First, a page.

Powerpoint Lecture Slides

Ecosystems
Producers, Consumers, Decomposers
Trophic levels
Food chains and food webs
Efficiency of energy flow
-- biomass limits and trophic pyramids

FOOD RESOURCES OF THE OCEANS- INTRO
World fish catch
Distribution of fishing areas


MARINE ECOSYSTEMS

Food needed for...

1. matter (for growth and reproduction)
2. energy (for metabolic processes)

Ecosystem: Community of plants and animals ... interactions between organisms and environment permit efficient matter and energy transfer.

Producers, Consumers, Decomposers: Categories of interrelated organisms in an ecosystem.

Primary Producers: . autotrophic plankton (bacteria)
Consumers: . heterotrophic animals

Primary consumers: herbivores
Secondary and higher-level consumers (carnivores, predators)

Decomposers: . heterotrophic bacteria (and fungi)

Derive matter and energy from excrement and dead tissue
Completes the cycle of matter (nutrients) to producers

TROPHIC RELATIONSHIPS
-- TROPHIC LEVELS, FOOD CHAINS, AND FOOD WEBS

"Trophic relationships" describe what an organism eats, and who eats it
= producer-consumer relationships.

Energy and matter pathways in a simple food chain

trophic levels:

4 top predator
3 carnivore
2 herbivore
1 autotroph

Example: simple food chain of herring in a coastal area:

trophic levels:

4 herring
3 carnivorous zooplankton
2 herbivorous zooplankton
1 phytoplankton

Energy and matter pathways in a more complex food web. More descriptive of marine trophic relations.
Adult herring -- different levels, different food organisms.
Food webs more stable than simple food chains -- greater variety of food organisms.

ENERGY TRANSFER BETWEEN TROPHIC LEVELS

o Matter (organic substances, CO2, O2, nutrients) cycled continuously between producers, consumers and decomposers.

Examples: Cycles of P and N

o Energy flows in one direction:
Sun --> producers --> consumers --> decomposers

Energy utilization is not very efficient

o 1% of available solar energy is utilized by marine phytoplankton
o Most of the energy "fixed" by producers or eaten by heterotrophs (70-90%) is used by them for life processes or expelled as unusable waste heat.
o Remainder (10-30%) maintains biomass and is available to consumers at next highest trophic level.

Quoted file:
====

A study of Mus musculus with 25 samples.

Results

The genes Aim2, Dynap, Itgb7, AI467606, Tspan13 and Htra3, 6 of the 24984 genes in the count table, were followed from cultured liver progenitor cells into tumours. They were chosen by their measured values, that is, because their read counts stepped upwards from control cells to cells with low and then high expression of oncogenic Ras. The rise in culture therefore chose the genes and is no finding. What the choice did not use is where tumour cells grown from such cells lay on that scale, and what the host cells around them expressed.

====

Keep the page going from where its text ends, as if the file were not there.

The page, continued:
Biomass at each trophic level is controlled by efficiency of energy transfer

--> Trophic Pyramid
o Lowest trophic level: high biomass; many small producers
o Highest trophic level: low biomass; few, large animals

Examples of trophic-level efficiencies:

Herring in coastal regions
Anchovy in coastal upwellings
Tuna in open ocean

Implications for harvesting marine fish as food resource:
Yield of harvest depends on trophic efficiency and trophic level harvested.

FOOD RESOURCES OF THE OCEANS

World fish catch increased 4-fold from l950 to l990

1953 23 * 106 metric tons
1970 68 * 106 metric tons
1990 86 * 106 metric tons

Types of animals harvested:

88% fin fish
8% shell fish
4% crustaceans

Use of the harvest:

60% for human consumption
40% for oil, fishmeal for livestock and poultry
Importance to human diet:
1% of total food production
12% of total animal protein

Distribution of fishing areas controlled by:
1. Primary productivity -- rapid nutrient replenishment
2. Trophic structure ...
... number of trophic levels is low
... efficiency of energy transfer in food chain is high

Open Ocean Areas
o Fisheries in upwelling zones in equatorial and polar oceans
-- nutrient supply to surface waters.
o But the harvest is fin fish (e.g., tuna) from high on an inefficient food chain.

Coastal Areas
o Nutrient supply and regeneration is good -- vertical mixing, runoff.
o Harvest both pelagic fish (herring) and bottom fish (cod, hake, haddock in northern waters)
o Shorter, more efficient food chain -- less energy expended by consumer organisms because of the higher population density of phytoplankton.

Upwelling Areas -- west coasts of Americas and Africa
o High primary productivity.
o Harvest small, fast-growing, phytoplankton-eating species that travel in dense schools, and are easy to catch: anchovies, sardines.
o Short, very efficient food chains.